REVIEW: RAM – “Rod”
Sweden, oh, Sweden. That’s where IKEA’s furniture World takeover started and, well, it’s also home to many, many (many!) metal bands, and about 90% of them are fucking ace. Gothenburg’s own RAM, a band known to be one of the most prominent of the NWOTHM (I assume that, if you’re reading this review, you know what this acronym means) movement, is ever-ready to step up to the plate to be the defenders of the faith and the sentinels of the Swedish school of the traditional heavy metal genre.
It’s clear as the sky that Oscar Carlquist (vocals) and Harry Granroth (guitars) have created and mastered RAM’s sound when they were pissed off at the metal scene, because they make sure to shove some Judas Priest, Accept and [insert your favorite 1980’s band] worship up your ass with every album they make. The band’s fifth endeavor beyond the realms of death, ‘Rod’, takes no different approach than its predecessors, by being true to the roots of the 1980’s heavy metal aura, albeit not losing itself into the big and scary “wormhole of generic sounds®”.
Like it’s 1984 all over again, the fade-in intro of “Declaration of Independence” paves the way to a very interesting first-half of the album with a cool chorus and killer solos.Faster-paced tunes like “On Wings of No Return” and “A Throne at Midnight” are well executed and played with a good dose of energy as well, even if not being entirely memorable or impactful, but “Gulag” is where the first portion of the record really shines. In a nostalgia-filled guitar work reminiscent of the ‘Russian Roulette’ (1985)Accept era, the song almost feels melancholic and dystopic. They have done a good job translating a sub-human, miserable system such as the Gulag was.
For the first time in RAM’s career, some of the compositions are part of a conceptual story, The “Ramrod the Destroyer” suite. Divided into 6 parts, it is definitely the most ambitious work by these guys to date, as the lyrical and instrumental contents of the suite are dense and serious, which more often than not does not result in a particularly decent outcome.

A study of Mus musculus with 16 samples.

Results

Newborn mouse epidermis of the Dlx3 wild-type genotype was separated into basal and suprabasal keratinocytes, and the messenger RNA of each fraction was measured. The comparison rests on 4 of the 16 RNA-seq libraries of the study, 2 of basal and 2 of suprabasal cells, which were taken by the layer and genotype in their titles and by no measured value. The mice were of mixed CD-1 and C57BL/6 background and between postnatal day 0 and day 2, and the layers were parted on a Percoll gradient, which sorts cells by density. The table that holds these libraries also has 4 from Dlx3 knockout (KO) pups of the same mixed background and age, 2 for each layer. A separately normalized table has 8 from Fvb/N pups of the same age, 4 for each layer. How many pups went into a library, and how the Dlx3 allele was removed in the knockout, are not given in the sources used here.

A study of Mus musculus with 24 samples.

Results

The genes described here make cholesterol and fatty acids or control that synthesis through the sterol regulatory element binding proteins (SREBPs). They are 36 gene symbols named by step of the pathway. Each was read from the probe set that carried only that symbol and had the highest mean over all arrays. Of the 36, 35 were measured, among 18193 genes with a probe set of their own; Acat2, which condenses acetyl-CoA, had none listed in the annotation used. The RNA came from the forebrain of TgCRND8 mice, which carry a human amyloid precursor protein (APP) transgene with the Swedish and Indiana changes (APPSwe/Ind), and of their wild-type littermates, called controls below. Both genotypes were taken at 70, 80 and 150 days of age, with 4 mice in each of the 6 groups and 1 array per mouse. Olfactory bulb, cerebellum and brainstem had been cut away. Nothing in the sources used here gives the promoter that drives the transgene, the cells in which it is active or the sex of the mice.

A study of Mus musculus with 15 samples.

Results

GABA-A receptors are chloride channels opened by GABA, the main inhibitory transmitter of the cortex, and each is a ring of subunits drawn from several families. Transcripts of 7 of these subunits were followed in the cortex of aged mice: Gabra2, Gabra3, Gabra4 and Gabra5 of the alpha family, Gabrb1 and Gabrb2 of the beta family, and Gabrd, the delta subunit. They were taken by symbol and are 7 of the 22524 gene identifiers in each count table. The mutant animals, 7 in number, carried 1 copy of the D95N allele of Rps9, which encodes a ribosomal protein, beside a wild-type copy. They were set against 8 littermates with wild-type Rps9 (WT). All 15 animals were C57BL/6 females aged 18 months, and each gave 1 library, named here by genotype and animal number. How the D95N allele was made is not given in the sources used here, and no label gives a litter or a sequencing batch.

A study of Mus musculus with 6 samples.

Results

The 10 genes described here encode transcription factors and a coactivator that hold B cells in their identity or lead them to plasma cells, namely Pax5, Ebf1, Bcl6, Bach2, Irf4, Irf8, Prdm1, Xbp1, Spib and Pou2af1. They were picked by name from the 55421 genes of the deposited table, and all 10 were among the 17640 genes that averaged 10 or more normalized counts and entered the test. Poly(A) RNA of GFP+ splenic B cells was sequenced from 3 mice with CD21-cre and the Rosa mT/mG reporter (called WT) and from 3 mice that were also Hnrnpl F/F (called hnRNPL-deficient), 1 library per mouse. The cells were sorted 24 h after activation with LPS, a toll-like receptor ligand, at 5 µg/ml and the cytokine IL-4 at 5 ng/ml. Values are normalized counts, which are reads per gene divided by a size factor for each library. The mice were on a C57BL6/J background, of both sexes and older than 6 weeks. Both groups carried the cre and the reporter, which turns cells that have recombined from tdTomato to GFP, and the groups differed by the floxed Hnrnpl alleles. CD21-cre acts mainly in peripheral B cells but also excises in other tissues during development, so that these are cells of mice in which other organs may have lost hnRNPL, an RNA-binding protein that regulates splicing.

However, they managed to carefully craft every second of this bombastic story, starting with a very inspired intro in “Pt. 1: Anno Infinitus”. The song announces the destruction that is to come in a simple, yet elegant way by sending the listener to the depths of the most vile and sinister crypts of RAM’s mind. In a mix of medieval rawness and futuristic chaos, the intro paves the way to “Pt. 2: Ignitor”, which is a song that – yet again – holds on to the classic elements of the genre. The main courses here are the solos and the aggressiveness of the vocal performance by Carlquist. While not lacking in more melodic parts, it is the rapid pace and sense of urgency that dictate the rhythm sections.
“Pt. 3: The Cease to Be” may be the most Priest-like track released by the Swedes yet. In a very similar way to “Beyond the Realms of Death” (legendary Priest song from the ‘Stained Class’ (1978) album, the track pays homage to the metal gods by matching the melancholic and doomy aura of its “father song” and doing some twists of their own, like a cruder and less polished chorus, and more energetic guitar and drum lines. “Pt. 4. Voices of Death” continues the story in another spoken intro that precedes “Pt. 5. Incinerating Storms”, which is one of the best RAM songs of all-time, no doubt. Raw, unrelenting power emanates from all the members, with crazy guitar solos and amazing vocal performance, making it the most significant track in the album. The particularly high screams by Carlquist soar throughout the entire effort, with prolific and mad solos that actually serve a purpose, while the kitchen provides perfect support to the instrumental mayhem.
“Pt. 6: Ashes” crowns the work fittingly with catastrophic aura and post-apocalyptic sounds. It starts with a simple acoustic guitar lead, but eventually turns into a sort of steampunk cataclysmic experience, ending the album on a high note.
It’s easy to be overwhelmed by the vast amount of bands trying to emulate the good ol’ sound played in the heydays of metal. There are, of course, a decent number of acts that do this with honor and quality, like Ambush, Skull Fist, Wolf, Enforcer, Portrait, Trial, Air Raid, etc., and this Swedish quintet right here does it with mastery. With yet another great display of their abilities in ‘Rod’, RAM have done more than carve their way into metal’s history: they are helping to bring back the 1980’s with full force. Highly recommended.